Botswana Law: A Fine Balancing Act
This, he explains, is while ensuring that the country also achieves its socio-economic development objectives.“The country remains focused on ensuring that it exploits its mineral wealth for the benefit of the country as a whole and its people.”
On the flip side, Dambe says that Botswana’s adherence to the rule of law and protection of property rights is enshrined in the constitution. “This gives investors the confidence that their investment will be protected in accordance with the provisions of the law.” The fact that there are no foreign exchange restrictions on the remission of profits outside of the country is a further positive factor for investor confidence.
The country’s progressive mining laws provide a good foundation for carrying out mining operations, he adds, with no restrictions on foreign ownership of mines. However, the government of Botswana has an option to acquire up to 15% of the shares in a mining company and appoint two directors. Botswana is home to many mining companies, including Jindal Africa, Firestone Africa, Gem Diamonds, African Copper Mining, Tati Nickel, Anglo Coal Botswana, Debswana Diamond Company and De Beers.
Law in focus
There have been many countries across Africa that are seeking to amend, or are currently under way with amendments to, their mining law. In South Africa, amendments to the MPRDA Amendment Bill, which was passed by Parliament earlier this year, have the ability to open up a number of opportunities for the country, but a dominant factor of discussion has been the policy uncertainty.
Kenya’s proposed new Mining Bill, which has yet to be passed, will replace the Mining Act of 1940 and is also receiving mixed reactions. Investors are also expected to feel the impact of Mozambique’s Mining Law 20/2014 of 18 August 2014, which came into force on August 22.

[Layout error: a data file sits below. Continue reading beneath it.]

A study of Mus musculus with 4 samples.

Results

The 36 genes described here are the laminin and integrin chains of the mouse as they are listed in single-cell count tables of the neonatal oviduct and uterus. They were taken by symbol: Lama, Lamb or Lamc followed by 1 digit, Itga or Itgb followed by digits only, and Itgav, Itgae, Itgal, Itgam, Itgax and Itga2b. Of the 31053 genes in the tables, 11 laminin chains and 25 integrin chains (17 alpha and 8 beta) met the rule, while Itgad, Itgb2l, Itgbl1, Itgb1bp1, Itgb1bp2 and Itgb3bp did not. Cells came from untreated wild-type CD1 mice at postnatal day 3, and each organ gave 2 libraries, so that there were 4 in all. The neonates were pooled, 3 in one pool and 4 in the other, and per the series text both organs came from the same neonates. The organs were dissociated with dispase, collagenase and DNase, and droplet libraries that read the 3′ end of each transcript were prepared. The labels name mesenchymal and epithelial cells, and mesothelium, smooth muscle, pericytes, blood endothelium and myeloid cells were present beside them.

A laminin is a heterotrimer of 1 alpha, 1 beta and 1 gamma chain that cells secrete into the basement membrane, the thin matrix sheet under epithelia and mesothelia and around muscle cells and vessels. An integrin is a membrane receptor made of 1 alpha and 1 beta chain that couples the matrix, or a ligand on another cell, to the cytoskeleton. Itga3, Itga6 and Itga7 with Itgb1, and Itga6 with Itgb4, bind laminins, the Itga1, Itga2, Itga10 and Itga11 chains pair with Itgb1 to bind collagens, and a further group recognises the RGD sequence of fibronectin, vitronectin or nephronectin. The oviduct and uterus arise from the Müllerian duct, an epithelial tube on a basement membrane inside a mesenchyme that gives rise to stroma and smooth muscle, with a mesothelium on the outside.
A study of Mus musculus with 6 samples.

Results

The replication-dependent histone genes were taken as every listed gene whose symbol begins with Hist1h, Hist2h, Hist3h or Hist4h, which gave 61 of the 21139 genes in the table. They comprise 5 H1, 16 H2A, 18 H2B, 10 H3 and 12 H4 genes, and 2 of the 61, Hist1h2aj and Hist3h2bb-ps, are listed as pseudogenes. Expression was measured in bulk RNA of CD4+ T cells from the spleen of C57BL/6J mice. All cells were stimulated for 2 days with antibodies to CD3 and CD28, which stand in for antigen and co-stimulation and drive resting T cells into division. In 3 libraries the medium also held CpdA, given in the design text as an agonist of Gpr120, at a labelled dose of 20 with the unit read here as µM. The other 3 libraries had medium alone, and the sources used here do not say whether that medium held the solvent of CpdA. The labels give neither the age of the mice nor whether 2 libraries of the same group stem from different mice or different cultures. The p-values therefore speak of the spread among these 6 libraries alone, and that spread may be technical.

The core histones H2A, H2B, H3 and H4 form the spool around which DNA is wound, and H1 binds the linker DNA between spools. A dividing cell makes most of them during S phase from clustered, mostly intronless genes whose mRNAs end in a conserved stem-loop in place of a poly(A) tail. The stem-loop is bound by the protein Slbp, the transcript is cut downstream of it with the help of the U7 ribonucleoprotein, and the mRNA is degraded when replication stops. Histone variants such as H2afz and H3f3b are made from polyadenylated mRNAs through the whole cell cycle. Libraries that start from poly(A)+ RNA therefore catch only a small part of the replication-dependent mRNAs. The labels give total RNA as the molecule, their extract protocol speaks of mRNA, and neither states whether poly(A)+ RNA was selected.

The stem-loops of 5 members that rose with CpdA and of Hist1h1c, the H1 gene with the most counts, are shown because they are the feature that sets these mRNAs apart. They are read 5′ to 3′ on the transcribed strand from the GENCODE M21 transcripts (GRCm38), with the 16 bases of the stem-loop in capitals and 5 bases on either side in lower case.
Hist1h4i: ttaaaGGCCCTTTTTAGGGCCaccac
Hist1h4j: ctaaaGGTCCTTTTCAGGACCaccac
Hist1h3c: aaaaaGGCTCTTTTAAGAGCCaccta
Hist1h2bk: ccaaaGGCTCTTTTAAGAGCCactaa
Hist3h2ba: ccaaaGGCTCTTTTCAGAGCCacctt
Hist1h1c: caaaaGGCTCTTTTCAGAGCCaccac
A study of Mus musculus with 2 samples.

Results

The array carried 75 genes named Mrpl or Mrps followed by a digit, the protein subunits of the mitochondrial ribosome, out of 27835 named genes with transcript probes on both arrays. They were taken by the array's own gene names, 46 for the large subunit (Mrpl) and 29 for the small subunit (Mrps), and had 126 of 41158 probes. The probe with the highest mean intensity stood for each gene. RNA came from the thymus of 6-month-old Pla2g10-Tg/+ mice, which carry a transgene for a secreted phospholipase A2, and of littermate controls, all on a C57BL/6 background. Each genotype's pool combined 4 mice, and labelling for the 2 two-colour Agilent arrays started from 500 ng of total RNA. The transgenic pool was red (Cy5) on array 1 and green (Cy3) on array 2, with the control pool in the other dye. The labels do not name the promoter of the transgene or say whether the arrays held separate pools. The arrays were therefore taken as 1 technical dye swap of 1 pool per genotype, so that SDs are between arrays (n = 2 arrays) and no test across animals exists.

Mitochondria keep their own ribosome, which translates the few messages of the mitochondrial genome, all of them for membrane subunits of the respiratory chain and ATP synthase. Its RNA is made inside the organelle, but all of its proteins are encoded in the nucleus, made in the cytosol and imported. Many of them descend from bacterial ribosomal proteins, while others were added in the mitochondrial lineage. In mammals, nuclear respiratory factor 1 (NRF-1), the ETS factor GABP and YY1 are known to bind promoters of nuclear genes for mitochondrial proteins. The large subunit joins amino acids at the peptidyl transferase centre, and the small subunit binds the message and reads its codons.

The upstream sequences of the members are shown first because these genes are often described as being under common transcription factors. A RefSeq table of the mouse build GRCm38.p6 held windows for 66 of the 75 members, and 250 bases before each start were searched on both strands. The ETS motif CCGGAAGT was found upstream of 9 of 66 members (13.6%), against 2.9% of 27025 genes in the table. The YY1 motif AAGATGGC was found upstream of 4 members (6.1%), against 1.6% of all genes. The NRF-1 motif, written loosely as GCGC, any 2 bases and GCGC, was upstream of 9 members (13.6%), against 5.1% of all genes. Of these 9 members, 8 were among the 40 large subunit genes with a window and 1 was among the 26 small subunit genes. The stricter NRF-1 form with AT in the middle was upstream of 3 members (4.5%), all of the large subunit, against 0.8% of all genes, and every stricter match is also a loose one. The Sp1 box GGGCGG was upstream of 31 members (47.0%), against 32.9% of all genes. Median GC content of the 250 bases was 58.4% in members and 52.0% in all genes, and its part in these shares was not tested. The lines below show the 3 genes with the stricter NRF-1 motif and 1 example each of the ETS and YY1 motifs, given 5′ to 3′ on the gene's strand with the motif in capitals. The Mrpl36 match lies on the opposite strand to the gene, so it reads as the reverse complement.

But for Botswana, Dambe says that there has been no discernible feeling that there is a need to amend the laws in any major way. “It is generally recognised that progressive mining laws have played a major role in the rapid growth and success of mining in the country.”
The last major overhaul of the mining legislation in Botswana resulted in the Mines and Minerals Act of 1999. However, Dambe says that, by and large, the government has engaged in periodic reviews of the mining laws in Botswana, which has resulted in proposed changes to the laws and policies being considered on an ongoing basis.
Recent examples include an amendment for the granting of mineral rights through competitive processes, to reduce speculation, in November 2012; as well as a proposal that has been recently submitted to amend the Mines and Minerals Act to cover options of financial instruments available to mining companies for rehabilitation and closure of mines.
However, he points out that some of the laws that are associated with the financing of mines and mining transactions have not been amended for many years, and are outdated – some of the major ones being the Deeds Registry Act and the Deed of Hypothecation Act.
“Legislation such as the Deeds Registry Act needs to be amended to be in line with the provisions of the Mines and Minerals Act of 1999. As an example, the Act needs to provide certainty regarding the status of mining licences and registration thereof as documents of title and security. The government is currently undertaking a review of the Deeds Registry Act.”